County has 600 sex offenders

MORE than 600 registered sex offenders are living in the county of Essex, new figures have revealed.And in answer to calls for a “Sarah's law” after the murder of schoolgirl Sarah Payne, the county's Multi Agency Public Protection Arrangements (MAPPA) has taken on two lay advisors to monitor and advise it.

MORE than 600 registered sex offenders are living in the county of Essex, new figures have revealed.

And in answer to calls for a “Sarah's law” after the murder of schoolgirl Sarah Payne, the county's Multi Agency Public Protection Arrangements (MAPPA) has taken on two lay advisors to monitor and advise it.

MAPPA, which published its annual report Planning to Protect yesterday, exists to ensure a whole host of different public bodies exchange information about known offenders in the community.

It focuses on sex offences, domestic and other violent crimes in which parole has been granted but concern still remains about the possibility of re-offending.



MAPPA also liaises with victims of crime to ensure they know what action is being taken to keep them safe once an offender is released.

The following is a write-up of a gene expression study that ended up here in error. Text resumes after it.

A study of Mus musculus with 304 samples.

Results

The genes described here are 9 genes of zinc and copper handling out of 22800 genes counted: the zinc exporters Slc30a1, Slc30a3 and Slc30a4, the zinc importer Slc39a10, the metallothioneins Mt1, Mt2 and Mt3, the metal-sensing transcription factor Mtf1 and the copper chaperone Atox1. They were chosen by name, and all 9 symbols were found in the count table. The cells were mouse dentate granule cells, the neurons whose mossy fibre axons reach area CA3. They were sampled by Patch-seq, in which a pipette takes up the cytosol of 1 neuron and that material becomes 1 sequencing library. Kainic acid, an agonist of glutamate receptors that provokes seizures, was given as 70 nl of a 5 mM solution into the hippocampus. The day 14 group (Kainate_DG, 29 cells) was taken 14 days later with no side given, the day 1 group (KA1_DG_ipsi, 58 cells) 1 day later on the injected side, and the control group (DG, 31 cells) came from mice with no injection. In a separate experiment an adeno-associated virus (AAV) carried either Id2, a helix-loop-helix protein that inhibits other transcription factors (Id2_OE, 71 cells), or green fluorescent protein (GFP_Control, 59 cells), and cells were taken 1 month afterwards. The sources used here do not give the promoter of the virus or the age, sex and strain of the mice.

In MAPPA's report, it was revealed that in March 2005 there were 680 sexual offenders living in Essex.

This was a rise from 542 at the same time the previous year but was expected, as the number goes up every time someone is added to the list and a wider number of offences now require offenders to be placed on the register.

Yesterday, MAPPA lay advisor and retired businessman John Downing explained that he, along with his colleague John Blaize, an Essex magistrate, had been appointed after calls for “Sarah's law” to be implemented.

The original model for “Sarah's law” was the American “Megan's Law,” which led to known paedophiles and sex offenders being identified to the communities in which they lived.

It was called for by Sara Payne after her daughter was murdered by paedophile Roy Whiting.

Mr Downing said: “She initially wanted a similar law in the UK, but the professionals felt all that would do would be to drive paedophiles underground - and I must admit I subscribe to that view.

“MAPPA knows who these people are, and how to manage them.

“We are appointed by the Home Office and are independent so that MAPPA can be seen to be transparent and so there is involvement from the public.”

He added: “We are very pleased with the way MAPPA operates in Essex. We are convinced the reduction of risk to the public is as good as it can be.”

Alex Bamber, assistant chief officer of Essex Probation Service, said: “There are sex offenders and violent offenders in the community.

“It is important for people to know there are agencies around to mange those offenders and mechanisms to cope with their behaviour, and stop them being able to re-offend.

“The whole idea of having lay advisors was having them able to ask questions and observe as members of the public.”